Christmas is supposed to be the time of year where everyone is relaxed and soaking up the mulled wine. People are out enjoying the festive markets and wishing ‘Merry Christmas’ to each other on the street. WRONG.
If you’re a student, you’re more likely to be stressed out with December deadlines and drowning in absolutely anything alcoholic to de-stress. The closest thing to ‘Merry Christmas’ is an understanding nod to your flatmate as you both eat stale cereal left open from September.
To help you through this ‘jolly’ time of year, The River’s Carly Hacon has summed up her previous festive fuck ups.
Signing up to multiple secret santas
What a great idea this seems at the time. Because the more you agree to do, the more presents you get. What could possibly be a downer to that? Well, when you realise you have agreed to a £10 budget per present and you already can’t afford milk – slight issue. But of course it’s fine to go without basic supplies for a week and eat mainly out of housemates’ cupboards. You perfect
ed your friends’ presents and even debate keeping them for yourself.
But… on the day of the swap you come to realise that every present you’ve received is garbage. Absolutely pointless. Save yourself the bother and the abundance of Primark socks and just say no.
Who ate all the pies?
Over-indulging at Christmas is a given – it’s all part of the fun. However it is really not funny when you have piled on the pounds and now look like the Christmas pudding. According to other people it is also not funny when you eat your flatmates’ mince pies. They do count them and they will find you. So stay strong, take Rudolph’s advice and stick to carrots.
Gift ideas – who would like that? Me.
Not knowing what to get your loved ones isn’t just a student problem – but we tend to struggle more, especially on our budget. With a list of six people to buy for, who can I find gifts for? Me. Everywhere I look are potential gifts that I would like for Christmas. But there is an answer…
Living in the selfie generation, I have thousands of photos. Print them out, stick them in a frame, voila! Thoughtful, affordable presents for all.
This easy task shouldn’t take much time at all. However, after losing the start of the cellotape 37 times, taking the varnish off of your hall of residence desk and chronic back pain, you have lost all Christmas spirit. Mariah won’t help you when you’ve lost your deposit, so invest in a tape dispenser.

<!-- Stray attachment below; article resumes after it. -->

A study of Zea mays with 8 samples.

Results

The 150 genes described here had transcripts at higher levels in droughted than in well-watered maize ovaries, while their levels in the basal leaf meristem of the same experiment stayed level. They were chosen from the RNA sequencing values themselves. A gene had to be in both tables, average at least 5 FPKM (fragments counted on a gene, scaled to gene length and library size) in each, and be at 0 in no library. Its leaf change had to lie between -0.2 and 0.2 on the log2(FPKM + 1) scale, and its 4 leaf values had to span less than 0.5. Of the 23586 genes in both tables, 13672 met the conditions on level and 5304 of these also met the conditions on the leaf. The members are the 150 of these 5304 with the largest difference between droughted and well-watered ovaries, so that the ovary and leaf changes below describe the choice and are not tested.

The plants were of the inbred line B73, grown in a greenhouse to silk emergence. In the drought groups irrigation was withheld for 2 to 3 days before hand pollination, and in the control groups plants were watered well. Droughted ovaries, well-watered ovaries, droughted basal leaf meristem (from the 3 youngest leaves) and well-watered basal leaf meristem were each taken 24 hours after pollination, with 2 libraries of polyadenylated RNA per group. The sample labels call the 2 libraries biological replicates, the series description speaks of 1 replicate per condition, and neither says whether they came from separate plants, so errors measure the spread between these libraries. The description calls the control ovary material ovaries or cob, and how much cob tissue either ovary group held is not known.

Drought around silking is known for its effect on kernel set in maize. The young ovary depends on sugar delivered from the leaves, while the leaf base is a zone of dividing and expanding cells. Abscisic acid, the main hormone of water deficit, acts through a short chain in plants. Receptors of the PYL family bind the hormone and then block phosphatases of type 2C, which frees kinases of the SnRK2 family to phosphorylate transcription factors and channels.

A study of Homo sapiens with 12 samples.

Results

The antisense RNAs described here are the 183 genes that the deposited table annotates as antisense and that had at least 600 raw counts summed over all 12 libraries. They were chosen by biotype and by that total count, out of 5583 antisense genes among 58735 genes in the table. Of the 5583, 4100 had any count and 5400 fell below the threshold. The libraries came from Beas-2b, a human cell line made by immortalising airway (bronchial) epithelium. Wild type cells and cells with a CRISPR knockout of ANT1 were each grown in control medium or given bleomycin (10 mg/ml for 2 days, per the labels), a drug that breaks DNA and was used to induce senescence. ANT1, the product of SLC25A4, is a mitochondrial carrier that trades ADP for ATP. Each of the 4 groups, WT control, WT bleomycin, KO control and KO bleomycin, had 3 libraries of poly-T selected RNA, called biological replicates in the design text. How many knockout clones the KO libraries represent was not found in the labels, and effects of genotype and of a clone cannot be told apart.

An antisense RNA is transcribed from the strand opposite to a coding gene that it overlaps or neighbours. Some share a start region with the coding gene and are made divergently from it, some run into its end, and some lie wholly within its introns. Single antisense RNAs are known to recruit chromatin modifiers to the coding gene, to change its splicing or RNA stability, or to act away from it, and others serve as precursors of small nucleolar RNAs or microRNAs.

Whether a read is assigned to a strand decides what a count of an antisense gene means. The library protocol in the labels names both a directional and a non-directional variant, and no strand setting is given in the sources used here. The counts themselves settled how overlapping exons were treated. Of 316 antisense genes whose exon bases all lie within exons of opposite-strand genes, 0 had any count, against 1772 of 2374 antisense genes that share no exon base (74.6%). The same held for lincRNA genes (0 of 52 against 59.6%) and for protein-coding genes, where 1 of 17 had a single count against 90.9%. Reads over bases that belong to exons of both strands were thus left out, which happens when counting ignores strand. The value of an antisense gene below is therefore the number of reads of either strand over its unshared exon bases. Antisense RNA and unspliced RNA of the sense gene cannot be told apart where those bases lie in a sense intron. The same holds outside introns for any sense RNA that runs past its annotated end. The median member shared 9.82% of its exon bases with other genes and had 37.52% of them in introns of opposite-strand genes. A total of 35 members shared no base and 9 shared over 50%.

Ruining Christmas dinner
Have you even lived in halls if you didn’t attempt a flat Christmas dinner? Everyone gets so excited, you’ve done a big Aldi shop and even bought brussell sprouts for the occasion. The Gordon Ramsay of the group takes the lead and demands people who are ‘not helping’ to start the washing up. But before you’ve got time to sing jingle bells, it’s all gone wrong. The potatoes are burnt, the vegetables are overdone and you’ve forgot the Yorkshires. Save the stress and have your seasonal supper at ‘Spoons.
Getting too merry on the Xmas night out
You’ve left all of your deadlines until last minute, as usual. But tonight is the night: everyone is out for the last student night before Christmas. You obviously can’t miss it, so attempt to cram in as much work as possible before 10PM. You’ve missed half of pre-drinks and someone shouts that the Uber is on it’s way. Better late than never you’re ready and down the whole two litres of Lambrini in 10 minutes. Before you know it, you’re back home with sick on your sparkly jumper laying next to a mayo chicken.
Last year I had bought and wrapped all of my presents before mid December. And starting Christmas shopping early is always a good thing, right? Well… What I forgot was that I lived five hours away and had to somehow get them all home undamaged. Lesson learnt, this year I will online shop and hopefully remember to deliver to my home address.
Booking your journey late
It’s finally here – the last day of term. Nothing has been on your mind more than that feeling of not having to worry about referencing for a fortnight. You can hear your own bed calling and the notifications start flooding in asking when you will be back in town. You go to check your journey confirmation to realise that that is the one thing you haven’t done. Frantically scanning Trainline and realising that the only remaining journey to Great Yarmouth is £110, but you decide it’s worth it because you miss your dog and the flat is empty.